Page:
As harvest time approaches for farmers in northern Iraq, the security crisis caused by the extremist group known as the Islamic State is having an impact on crops and agricultural business.
Usually at this time of the year Iraq's Ministry of Commerce begins to buy wheat and barley crops from local farmers, storing the crops in grain silos from June 1 onwards, until the end of July. However this year that is not happening as it usually does in northern Iraq, where harvests have decreased by almost half in some areas because thousands of acres of arable land have been left fallow.
For example, grain farmers in the south western part of Kirkuk province, where the extremists have made a big impact and where there has been ongoing fighting, have been dealing with the fact that their lands are near, or on the frontline, of fighting between the Islamic State, or IS, group and the Iraqi Kurdish military.
“In Kirkuk province there are an estimated 740,000 acres of arable land,” Mahdi Mubarak, the director of Kirkuk's Department of Agriculture, told NIQASH. “But farmers have only been able to plant about 418,000 of those this year. The IS group has controlled a lot of that uncultivated land and other parts of farmland became battlefields. All in all, we expect wheat and barley production to decrease significantly this year, by around 200,000 tonnes compared to last year. It's a big loss for Kirkuk,” he concluded.
Other nearby parts of northern Iraq, such as the Makhmour district, are also well known for their agriculture. Much of the grain produced here is exported to the cities of the semi-autonomous region of Iraqi Kurdistan and further south to Mosul, one of Iraq's biggest cities currently controlled by the IS group. The IS group has also managed to control some of these farming areas, displacing residents and disrupting farming.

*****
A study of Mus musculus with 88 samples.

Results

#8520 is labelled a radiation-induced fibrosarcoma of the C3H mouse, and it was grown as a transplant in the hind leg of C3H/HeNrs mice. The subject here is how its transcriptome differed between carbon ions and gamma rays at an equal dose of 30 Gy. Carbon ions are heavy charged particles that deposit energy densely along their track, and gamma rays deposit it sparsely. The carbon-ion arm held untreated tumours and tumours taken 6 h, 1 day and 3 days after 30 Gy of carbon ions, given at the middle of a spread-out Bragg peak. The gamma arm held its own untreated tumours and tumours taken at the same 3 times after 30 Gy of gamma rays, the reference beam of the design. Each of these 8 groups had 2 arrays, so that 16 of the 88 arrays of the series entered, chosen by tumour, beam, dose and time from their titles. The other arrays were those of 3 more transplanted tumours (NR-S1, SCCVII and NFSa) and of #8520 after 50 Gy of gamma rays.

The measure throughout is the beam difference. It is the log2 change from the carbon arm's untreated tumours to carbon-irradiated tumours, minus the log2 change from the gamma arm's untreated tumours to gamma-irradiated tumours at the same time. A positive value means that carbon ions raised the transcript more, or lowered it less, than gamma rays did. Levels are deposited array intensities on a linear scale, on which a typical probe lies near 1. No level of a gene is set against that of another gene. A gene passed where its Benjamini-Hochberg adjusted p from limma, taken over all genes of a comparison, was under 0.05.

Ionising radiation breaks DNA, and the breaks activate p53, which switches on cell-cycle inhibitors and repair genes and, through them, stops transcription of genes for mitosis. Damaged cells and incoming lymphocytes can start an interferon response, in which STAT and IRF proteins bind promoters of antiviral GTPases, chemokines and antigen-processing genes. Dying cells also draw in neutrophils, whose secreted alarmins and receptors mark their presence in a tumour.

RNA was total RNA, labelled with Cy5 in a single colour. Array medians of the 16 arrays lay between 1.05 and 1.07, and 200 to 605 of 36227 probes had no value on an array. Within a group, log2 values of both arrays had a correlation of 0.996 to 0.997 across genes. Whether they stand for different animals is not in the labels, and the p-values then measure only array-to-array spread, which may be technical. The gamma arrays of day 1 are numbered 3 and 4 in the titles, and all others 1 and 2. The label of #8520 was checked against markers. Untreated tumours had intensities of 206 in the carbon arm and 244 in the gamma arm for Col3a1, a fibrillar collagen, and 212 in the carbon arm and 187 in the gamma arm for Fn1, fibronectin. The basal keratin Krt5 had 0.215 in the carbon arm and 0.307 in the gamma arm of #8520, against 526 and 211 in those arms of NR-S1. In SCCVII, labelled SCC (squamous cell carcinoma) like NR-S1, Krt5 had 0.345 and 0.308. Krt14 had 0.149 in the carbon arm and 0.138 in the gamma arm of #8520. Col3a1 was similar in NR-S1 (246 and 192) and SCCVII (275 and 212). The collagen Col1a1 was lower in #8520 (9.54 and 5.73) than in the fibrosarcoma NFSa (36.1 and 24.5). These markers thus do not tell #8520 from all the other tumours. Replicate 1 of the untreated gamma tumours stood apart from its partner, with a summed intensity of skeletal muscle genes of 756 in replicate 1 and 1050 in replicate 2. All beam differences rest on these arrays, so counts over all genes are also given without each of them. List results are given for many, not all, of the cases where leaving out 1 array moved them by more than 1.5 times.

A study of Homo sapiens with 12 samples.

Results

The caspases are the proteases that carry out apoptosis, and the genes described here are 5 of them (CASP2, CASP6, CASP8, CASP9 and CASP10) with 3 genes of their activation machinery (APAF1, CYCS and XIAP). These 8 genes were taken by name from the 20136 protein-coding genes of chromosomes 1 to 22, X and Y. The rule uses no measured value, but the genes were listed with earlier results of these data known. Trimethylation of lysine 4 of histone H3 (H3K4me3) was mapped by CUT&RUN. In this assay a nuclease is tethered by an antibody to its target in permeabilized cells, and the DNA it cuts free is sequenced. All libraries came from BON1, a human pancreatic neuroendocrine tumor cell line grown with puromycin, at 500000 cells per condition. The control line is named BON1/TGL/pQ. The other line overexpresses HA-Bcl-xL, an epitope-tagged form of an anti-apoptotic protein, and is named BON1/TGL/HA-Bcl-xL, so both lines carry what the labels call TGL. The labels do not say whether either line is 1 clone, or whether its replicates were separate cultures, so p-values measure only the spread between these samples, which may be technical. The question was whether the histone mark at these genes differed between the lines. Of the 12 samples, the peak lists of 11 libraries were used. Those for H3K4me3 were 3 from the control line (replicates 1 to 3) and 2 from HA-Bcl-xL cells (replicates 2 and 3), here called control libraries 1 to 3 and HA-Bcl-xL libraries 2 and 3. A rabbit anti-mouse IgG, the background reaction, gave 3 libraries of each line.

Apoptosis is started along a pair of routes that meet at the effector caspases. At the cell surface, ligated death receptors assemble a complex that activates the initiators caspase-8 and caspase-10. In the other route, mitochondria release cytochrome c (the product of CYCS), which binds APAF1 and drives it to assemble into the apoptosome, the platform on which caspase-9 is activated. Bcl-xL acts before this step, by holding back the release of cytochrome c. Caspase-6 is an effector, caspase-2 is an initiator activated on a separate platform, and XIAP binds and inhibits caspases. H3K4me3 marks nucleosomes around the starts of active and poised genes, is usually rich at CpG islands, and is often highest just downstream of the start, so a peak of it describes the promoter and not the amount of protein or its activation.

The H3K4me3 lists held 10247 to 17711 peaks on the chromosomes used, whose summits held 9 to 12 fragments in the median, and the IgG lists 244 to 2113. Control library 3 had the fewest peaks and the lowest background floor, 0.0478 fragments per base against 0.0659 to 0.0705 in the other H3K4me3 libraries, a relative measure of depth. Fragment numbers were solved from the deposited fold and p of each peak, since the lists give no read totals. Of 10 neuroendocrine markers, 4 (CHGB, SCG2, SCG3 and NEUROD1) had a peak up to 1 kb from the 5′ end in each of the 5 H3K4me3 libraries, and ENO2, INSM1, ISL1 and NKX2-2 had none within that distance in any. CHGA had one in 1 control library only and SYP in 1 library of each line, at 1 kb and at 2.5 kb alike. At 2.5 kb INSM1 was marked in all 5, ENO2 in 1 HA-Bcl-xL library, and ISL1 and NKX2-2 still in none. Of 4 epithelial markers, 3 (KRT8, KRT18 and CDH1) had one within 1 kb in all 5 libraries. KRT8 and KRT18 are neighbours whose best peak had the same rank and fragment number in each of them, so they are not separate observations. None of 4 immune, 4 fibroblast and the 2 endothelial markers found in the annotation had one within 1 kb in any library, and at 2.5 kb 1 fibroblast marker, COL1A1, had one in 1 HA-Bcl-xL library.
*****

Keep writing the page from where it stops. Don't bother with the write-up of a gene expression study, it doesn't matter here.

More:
Honar Baba Saleh, Director of the Makhmour Agriculture Department, estimates that local farmers in his area were unable to plant around 40 percent of available arable land.
“There are 555,000 dunums of agricultural land, but only 300,000 were planted,” Baba Saleh told NIQASH. “Farmers were afraid of war or fire on their land so they abandoned some parts of it this year.”
However Baba Saleh also pointed out that the lands that were planted had a very good season and he's hopeful that this increased output will make up for any losses caused by the security crisis.
There is also good news from the Department of Agriculture in the Iraqi Kurdish province of Sulaymaniyah. “This year's harvest is expected to be very good,” Faridoon Omar, director of the Department, told NIQASH. “Crops will be good and of high quality,” he said, adding that the most fertile areas in his province - the Shahrazor Plain and the Karmayan – were producing well.
Overall authorities in Iraqi Kurdistan and the surrounding areas believe they should be able to get by on the harvest this year. However they have also stopped exporting grains and it seems unlikely that farmers will be selling much, if anything, to buyers in other parts of Iraq this year.